While the country slept Friday night and into Saturday morning, the U.S. Senate debated and voted on whether to alter substantially the NSA’s bulk telephone meta-data collection program, extend it for a short period, or simply let it die on June 1 when the “sunset” provision governing the relevant section (Sec. 215) of the Patriot Act kicks in.
Well, there was no result. “The world’s greatest deliberative body” could neither pass the bill that would have altered the program nor pass an extension. What’s left is a game of chicken, with the House of Representatives and the Obama administration having backed the reform measure and the Senate leadership—that is, Majority Leader Mitch McConnell—arguing that with the rise of ISIS this was no time to be gutting a counterterrorism tool. But in the absence of either the House or the Senate changing its position and enacting some measure, the Justice Department said it would begin the process of shutting down the program as of last Friday to meet the June 1 statutory deadline. (This coming from a Justice Department that has repeatedly found all kinds of reasons to “interpret” laws to avoid their apparent strictures.)
Watching the three branches of government deal with the legal issues and political controversy over the National Security Agency’s telephony meta-data collection program has not been a pretty picture. Indeed, not a single branch has covered itself in glory.
When the program was first revealed by a leak from former NSA contractor Edward Snowden, it caused quite the uproar. NSA was, without individualized court warrants, sweeping up massive amounts of domestic and foreign telephone meta-data: the number called from, the number called, at what time, and for how long the call was made. Matching that data up with numbers being used by suspected terrorists, NSA was able to look for possible terrorist connections here and abroad and pass that information on to the FBI or CIA. From the headlines and news accounts covering the Snowden’s leak, it seemed the era of “Big Brother” had truly arrived.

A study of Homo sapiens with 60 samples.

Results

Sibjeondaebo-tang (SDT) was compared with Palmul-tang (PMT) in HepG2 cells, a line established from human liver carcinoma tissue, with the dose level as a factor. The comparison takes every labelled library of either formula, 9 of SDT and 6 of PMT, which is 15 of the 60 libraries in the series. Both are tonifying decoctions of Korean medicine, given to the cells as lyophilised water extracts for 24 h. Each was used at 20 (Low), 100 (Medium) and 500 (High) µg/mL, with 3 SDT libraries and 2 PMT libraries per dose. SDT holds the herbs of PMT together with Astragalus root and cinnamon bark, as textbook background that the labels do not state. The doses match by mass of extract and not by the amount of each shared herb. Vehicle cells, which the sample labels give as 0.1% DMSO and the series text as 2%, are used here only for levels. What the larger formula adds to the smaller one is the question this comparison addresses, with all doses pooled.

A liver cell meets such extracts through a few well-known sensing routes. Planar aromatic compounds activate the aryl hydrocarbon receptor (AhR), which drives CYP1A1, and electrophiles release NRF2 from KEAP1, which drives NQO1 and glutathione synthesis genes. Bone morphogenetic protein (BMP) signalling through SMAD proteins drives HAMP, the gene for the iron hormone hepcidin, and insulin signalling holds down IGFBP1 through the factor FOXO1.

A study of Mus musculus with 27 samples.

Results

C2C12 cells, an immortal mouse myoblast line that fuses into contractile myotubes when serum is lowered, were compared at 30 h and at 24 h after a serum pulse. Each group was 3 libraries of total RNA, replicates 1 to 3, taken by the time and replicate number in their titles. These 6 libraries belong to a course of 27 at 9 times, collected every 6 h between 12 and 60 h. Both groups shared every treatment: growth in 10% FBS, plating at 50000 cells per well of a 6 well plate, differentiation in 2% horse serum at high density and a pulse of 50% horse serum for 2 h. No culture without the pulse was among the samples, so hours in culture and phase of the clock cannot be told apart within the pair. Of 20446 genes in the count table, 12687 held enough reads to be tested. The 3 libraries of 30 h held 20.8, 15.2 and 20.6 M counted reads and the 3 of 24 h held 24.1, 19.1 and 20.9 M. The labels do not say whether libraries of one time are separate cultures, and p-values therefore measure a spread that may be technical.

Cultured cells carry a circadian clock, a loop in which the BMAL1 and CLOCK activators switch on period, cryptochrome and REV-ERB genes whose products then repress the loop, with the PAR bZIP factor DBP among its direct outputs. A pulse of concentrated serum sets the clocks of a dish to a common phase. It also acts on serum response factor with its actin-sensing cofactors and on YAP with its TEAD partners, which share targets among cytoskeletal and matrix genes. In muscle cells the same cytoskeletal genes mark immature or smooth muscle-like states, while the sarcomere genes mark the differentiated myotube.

But, as referees at football games now say, “upon further review,” it turned out that a.) the NSA was not using the data to snoop on Americans gratuitously; b.) only a select few analysts at NSA had access to the data; c.) the program collected no call content; d.) federal judges associated with the Foreign Intelligence Surveillance Court were overseeing on a regular basis what numbers could be used to query the data base; and e.) members of Congress had been briefed on the program. Moreover, as a constitutional matter, the collection itself was arguably within the boundaries set by the Supreme Court when it came to Fourth Amendment strictures on legitimate government “searches and seizures.”
In spite of these facts, and the fact that his administration had utilized the program throughout his first term, the president acted as though the program was some alien creature—personally choosing neither to defend the intelligence community from the public onslaught nor the program itself. It was nearly a half-year before he spoke out. Even then, he confused matters further by stating no wrong had been committed but still raising the ominous specter of past police state practices. What he offered up were a few half measures designed to address problems that didn’t exist and which appeased no one.
More recently, a federal appeals court concluded that the collection program is not, as the FISA court and the Justice Department had previously argued, authorized by the Patriot Act’s Section 215. The opinion—which relies on far from convincing interpretations of congressional floor statements to reach its narrow reading of Section 215 and virtually ignores the contrary legal opinions of fellow federal judges from the FISC—however ends by punting on whether to enjoin NSA from further collection. Issued precisely when Congress was considering whether to amend the law governing the program or reauthorize Section 215, the Court’s decision amounted to a politically-charged “advisory” opinion, a practice that the federal courts have traditionally and wisely avoided.